Aromatherapy Candles. Aromatherapy Spas. Aromatherapy Dish Soap. L.A.'s in the Middle of a Scent Revolution, But Is the "Ancient Art" at Its Core Simply the Art of Marketing?

June 15, 2003|Nelson Handel | Nelson Handel is a freelance writer based in Los Angeles.

I lie face down on a massage table. Below, accessible to my nose through the table's face hole, is a cloth saturated in aromatic oil. The smell is overwhelming. Acupuncture needles protrude from, among other places, the top of my head. Piano music plays. I'm sweating slightly and have a mild case of the spins.

I'm in this generic-looking Westside medical office to relieve the throbbing pain in my lower back. Before the session began, my aromatherapist/acupuncturist and I discussed the healing powers of odors. She believes that scents can help heal, and has saturated the cloth below me with hemp oil. Its scent reminds me of headier days. She reassures me that this essential oil form is quite legal, yet gently soporific. "Some people say they haven't been this relaxed since the '60s," she says. Then she applies invigorating peppermint oil to my neck.

I leave smelling as if I've smoked too much pot and then downed too many LifeSavers trying to hide it. I'm terrified by what to say if pulled over by Santa Monica's finest. I feel more relaxed, I suppose, and my backache has eased somewhat, though I can't say if that's from the acupuncture, the aromatherapy, or a side effect of lying face down in a comfortable position listening to George Winston for half an hour. I can say that the hemp oil has given me a huge appetite, and the proximity of a deli across the street makes me very happy.

Perhaps that's the problem with aromatherapy. At times, its benefits are indistinguishable from the joy of a corned beef sandwich and a dill pickle.

My curiosity about aromatherapy began a week earlier, when my wife urged me to a sink filled with dirty dishes. It was the soap: Palmolive Aromatherapy Liquid Soap, Anti-Stress. "Enriched with the essences of Lavender and Ylang Ylang," the label said, it will not only soften hands while you do dishes, but its "soothing and relaxing scent" promised "a whole new sensation in dishwashing."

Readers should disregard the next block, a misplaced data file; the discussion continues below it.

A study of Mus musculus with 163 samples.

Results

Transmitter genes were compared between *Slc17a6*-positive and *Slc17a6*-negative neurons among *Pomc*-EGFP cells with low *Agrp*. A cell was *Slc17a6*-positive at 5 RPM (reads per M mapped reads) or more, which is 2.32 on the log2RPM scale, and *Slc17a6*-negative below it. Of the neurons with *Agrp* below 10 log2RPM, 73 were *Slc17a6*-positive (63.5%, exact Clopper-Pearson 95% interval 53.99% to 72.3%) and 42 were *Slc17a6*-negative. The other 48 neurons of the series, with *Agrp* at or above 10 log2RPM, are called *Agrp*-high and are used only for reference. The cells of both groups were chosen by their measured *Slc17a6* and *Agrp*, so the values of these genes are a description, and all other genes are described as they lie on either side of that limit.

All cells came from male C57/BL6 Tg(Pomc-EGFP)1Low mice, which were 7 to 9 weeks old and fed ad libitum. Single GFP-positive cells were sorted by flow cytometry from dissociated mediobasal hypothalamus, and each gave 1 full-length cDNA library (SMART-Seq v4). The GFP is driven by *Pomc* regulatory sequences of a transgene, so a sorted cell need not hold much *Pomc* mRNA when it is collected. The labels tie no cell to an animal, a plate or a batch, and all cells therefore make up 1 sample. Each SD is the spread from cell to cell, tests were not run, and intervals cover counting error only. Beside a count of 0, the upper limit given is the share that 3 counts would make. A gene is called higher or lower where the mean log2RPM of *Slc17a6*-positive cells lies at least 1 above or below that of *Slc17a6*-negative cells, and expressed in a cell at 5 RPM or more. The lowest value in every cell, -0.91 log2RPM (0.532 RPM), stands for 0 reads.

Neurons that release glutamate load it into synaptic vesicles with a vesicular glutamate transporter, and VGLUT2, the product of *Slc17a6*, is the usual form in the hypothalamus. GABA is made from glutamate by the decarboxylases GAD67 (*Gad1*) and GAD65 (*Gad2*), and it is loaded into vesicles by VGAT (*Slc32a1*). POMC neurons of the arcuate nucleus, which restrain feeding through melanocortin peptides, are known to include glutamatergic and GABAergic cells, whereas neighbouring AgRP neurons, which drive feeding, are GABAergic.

"What's this?" I asked.

"It's new," she said. "Just use it."

My wife knows that nothing soothes or relaxes me when it comes to kitchen chores; they're just another irritant in a world full of postmodern aggravations. But the soap caught me. The Colgate-Palmolive company wants me to believe that a dish soap will reduce stress. It has spent millions of dollars to develop and market that idea, and no doubt expects to earn hundreds of millions back. With trepidation, I sudsed.

As the floral scent mixed with the smell of greasy fish plates, I began to wonder about the aromatherapy products that now surround us--aromatherapy candles, aromatherapy hand lotion, aromatherapy dish soap, aromatherapy air fresheners. During the past year, major manufacturers such as Procter & Gamble and Colgate-Palmolive have begun flooding supermarket and drugstore shelves with products based on this once-obscure naturopathic health practice. How did this happen? When did odors become good for you? What does aromatherapy actually mean? Why are we buying this stuff?

I smelled a rat, and set out to find some answers. The search led me from the fringes of the holistic health movement through cutting-edge medical research labs to the corporations that sell aromatherapy products. The journey revealed an unexpected confluence of social and demographic trends that may say as much about American consumers and their eagerness for salvation as it says about how badly American aromatherapy stinks.


Terry Molnar, executive director of the Sense of Smell Institute in New York City, the research arm of the fragrance industry, says that long-haul truckers and airport traffic controllers sometimes use the smell of peppermint oil to stay awake. This frightens me. If the people piloting large vehicles at great speed feel drowsy, I want them on amphetamines, not Altoids.


Most people believe aromatherapy has something to do with "essential oils"--the oleaginous distillate of flowers, plants and herbs. These concentrated and usually aromatic oils are associated with a folkloric tradition of medicinal healing. You often hear the phrase "the ancient art of aromatherapy," which gives the whole weird science the sound of legitimacy. Earnest proponents refer to ancient Egyptian hieroglyphs, various medieval tracts, Indian Ayurvedic texts and a certain biblical passage that has Moses stewing up sacramental oil as proof that essential oils were used medicinally in ancient times.

Others point to aromatherapy's roots in miasmic theory, the idea that foul odors cause disease. From this tradition, which held sway over much of Western Europe through the late 19th century, we get things such as malaria ("bad air" disease). But scientists trashed miasmic theory when they discovered microorganisms and their effects on health.